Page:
Director of Moderation
I've wondered about that too because Pirellis are the same for the rear. The softer SC1 is typically recommended in really hot temps over the SC2 which doesn't really make much sense, but it really does work better. From a scientific point of view I don't really get it, but I'm also not a tire expert.MotoGP mutterings: Catalunya
THE MICHELIN MYSTERY SOLVED
How come the two hottest races of the year have been won by a rider using the softest front and rear tyres available?
At Mugello the track temperature was 51deg C and at Catalunya it was 45deg C. In such conditions, most riders would usually opt for the hardest compounds available, but MotoGP is far from usual these days.
“When it’s very hot you think you need to go harder and harder with the tyres, but it’s not like this anymore,” explained Aprilia’s Aleix Espargaró. “Last year [Johann] Zarco chose the soft rear on many super-hot race days, so the rest of us said, no way will he finish the race, but in fact he finished on the podium!
“I don’t have an explanation, but I think it’s something like this. When the track temperature increases, the grip improves and keeps improving, to a certain level. Then once the track gets hotter than around 40 degrees the grip starts to decrease, so when the track temperature is very high, you once again need the soft compound that you usually only use in cool conditions. The grip is less so you need softer tyres, because the tyre isn’t grippìng the track.”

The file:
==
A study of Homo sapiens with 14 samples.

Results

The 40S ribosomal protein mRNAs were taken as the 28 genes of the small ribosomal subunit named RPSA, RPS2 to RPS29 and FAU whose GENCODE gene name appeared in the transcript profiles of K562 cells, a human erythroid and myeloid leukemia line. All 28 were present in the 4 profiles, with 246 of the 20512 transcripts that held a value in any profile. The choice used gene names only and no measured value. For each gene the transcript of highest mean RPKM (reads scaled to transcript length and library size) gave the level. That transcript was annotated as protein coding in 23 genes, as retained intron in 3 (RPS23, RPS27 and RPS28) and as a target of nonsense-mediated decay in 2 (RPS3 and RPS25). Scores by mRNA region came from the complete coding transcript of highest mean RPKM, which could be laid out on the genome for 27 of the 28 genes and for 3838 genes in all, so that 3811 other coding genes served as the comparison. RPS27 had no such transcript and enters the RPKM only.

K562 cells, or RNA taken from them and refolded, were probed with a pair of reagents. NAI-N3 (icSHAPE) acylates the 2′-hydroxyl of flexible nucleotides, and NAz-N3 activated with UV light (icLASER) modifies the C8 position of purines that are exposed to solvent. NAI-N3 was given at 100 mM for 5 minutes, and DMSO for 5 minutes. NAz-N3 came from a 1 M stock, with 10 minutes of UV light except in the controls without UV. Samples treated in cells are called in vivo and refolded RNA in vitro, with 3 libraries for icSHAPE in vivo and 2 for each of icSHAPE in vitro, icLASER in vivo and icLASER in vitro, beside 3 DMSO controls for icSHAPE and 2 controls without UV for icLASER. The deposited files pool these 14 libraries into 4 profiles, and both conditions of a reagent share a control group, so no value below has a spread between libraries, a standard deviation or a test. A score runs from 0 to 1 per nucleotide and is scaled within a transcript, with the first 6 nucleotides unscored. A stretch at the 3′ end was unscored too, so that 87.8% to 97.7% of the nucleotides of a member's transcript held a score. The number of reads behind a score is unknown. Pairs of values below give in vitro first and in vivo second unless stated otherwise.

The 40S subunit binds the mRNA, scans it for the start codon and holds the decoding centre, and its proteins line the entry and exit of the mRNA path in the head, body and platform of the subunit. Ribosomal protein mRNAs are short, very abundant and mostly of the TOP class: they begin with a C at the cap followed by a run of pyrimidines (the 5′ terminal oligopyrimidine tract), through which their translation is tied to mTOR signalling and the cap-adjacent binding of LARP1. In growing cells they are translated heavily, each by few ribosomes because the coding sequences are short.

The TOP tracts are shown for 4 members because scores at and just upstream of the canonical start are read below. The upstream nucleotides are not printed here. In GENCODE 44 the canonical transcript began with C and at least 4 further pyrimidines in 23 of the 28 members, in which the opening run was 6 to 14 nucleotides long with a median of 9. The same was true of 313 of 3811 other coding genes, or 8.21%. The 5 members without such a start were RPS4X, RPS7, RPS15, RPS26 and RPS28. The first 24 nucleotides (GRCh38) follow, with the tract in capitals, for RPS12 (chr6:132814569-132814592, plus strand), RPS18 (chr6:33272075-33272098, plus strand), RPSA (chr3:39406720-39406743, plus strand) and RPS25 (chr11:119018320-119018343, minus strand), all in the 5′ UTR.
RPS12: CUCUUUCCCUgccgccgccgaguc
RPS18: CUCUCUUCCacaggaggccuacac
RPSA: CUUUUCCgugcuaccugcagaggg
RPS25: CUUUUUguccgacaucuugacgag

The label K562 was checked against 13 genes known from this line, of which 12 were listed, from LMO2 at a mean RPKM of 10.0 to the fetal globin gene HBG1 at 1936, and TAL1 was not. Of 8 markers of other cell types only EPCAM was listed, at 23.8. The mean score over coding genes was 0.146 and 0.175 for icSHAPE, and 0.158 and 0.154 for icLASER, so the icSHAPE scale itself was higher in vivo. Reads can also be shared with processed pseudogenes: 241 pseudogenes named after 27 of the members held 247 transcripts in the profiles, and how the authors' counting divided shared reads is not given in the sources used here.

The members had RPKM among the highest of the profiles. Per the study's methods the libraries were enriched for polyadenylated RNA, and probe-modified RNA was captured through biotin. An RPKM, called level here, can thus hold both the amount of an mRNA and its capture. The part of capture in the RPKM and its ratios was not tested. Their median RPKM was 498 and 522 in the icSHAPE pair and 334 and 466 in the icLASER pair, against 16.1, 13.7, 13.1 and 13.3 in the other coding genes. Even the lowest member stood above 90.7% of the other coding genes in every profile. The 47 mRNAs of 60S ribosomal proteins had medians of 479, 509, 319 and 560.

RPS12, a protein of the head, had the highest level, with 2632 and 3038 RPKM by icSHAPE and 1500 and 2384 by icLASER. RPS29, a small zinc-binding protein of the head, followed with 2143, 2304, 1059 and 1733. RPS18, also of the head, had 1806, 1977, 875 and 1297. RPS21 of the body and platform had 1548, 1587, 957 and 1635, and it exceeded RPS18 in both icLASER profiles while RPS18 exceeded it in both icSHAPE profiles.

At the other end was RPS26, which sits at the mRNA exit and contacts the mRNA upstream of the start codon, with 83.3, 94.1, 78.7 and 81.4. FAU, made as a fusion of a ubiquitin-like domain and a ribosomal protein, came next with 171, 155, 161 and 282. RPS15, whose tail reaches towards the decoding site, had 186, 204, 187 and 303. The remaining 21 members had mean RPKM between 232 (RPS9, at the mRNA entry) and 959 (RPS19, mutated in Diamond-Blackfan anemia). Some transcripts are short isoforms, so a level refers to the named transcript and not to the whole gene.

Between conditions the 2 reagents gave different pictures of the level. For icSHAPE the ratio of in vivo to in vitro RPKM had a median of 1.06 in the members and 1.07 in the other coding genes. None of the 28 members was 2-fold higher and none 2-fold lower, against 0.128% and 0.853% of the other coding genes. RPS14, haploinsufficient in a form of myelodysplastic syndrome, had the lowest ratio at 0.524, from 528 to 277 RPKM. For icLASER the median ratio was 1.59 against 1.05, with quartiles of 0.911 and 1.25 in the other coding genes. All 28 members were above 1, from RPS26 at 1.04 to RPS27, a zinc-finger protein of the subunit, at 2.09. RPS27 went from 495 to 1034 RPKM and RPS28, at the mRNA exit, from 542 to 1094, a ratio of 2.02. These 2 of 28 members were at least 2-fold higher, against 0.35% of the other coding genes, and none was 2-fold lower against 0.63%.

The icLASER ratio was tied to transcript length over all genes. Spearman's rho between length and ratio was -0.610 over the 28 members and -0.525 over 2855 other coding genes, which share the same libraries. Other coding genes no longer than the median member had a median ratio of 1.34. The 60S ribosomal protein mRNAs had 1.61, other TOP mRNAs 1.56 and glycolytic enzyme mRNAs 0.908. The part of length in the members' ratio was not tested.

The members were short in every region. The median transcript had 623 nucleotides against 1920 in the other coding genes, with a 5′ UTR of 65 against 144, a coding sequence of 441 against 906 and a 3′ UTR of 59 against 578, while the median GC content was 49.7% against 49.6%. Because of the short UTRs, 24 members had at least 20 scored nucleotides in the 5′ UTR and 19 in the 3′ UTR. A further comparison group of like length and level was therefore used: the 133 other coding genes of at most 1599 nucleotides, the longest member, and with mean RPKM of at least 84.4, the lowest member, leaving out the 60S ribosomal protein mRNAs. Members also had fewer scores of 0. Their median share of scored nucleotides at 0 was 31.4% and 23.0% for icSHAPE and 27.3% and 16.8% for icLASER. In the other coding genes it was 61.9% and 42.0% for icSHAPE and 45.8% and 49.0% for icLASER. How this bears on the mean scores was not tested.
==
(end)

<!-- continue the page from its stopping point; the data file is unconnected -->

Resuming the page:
In fact, most teams are finally getting the hang of the Michelin mystery. Despite the 45deg C track temperature on Sunday at Catalunya, all but four riders chose the soft rear slick, while more than half the grid chose the soft front slick. Alongside Lorenzo on the podium were Valentino Rossi, who also chose soft/soft, and Márquez, who chose hard/hard, because that’s what his riding technique and his machine demand. Could this be a problem for the world champion?
MotoGP is far from usual these days.
Michelin’s motorcycle racing manager Piero Taramasso revealed plenty of interesting information at Catalunya. Riders like Dani Pedrosa and Maverick Viñales are struggling partly because they don’t get enough heat into the tyres during the warm-up lap. Taramasso requests riders to ride the warm-up lap at no less than 95 per cent of full speed to bring the tyres towards peak temperature and grip for the start of the race.
Riders are now allowed to preheat their tyres to 100deg C, instead of the usual 90deg C, to help with this issue. They are also allowed to increase pressure by ten per cent before short, fast runs, to generate more heat and grip. But this wouldn’t be a good idea for a race tyre.
Taramasso also confirmed Crutchlow’s post-Mugello comments about his front tyre overheating while riding in a group, due to the heat coming from rival machines. “We can see it clearly on the data,” he said. “There is less cool air when you are riding in a group, so the tyre pressure increases and you lose grip.”
Riders tested a new-profile Michelin front during Monday’s tests at Catalunya. The tyre has a revised profile to increase edge grip, which should allow riders to brake deeper into corners. But the tyre cannot be raced until 2019. After last year’s midseason change of front-tyre construction flummoxed several riders, teams decided there should be no more midseason changes of tyre profile of construction.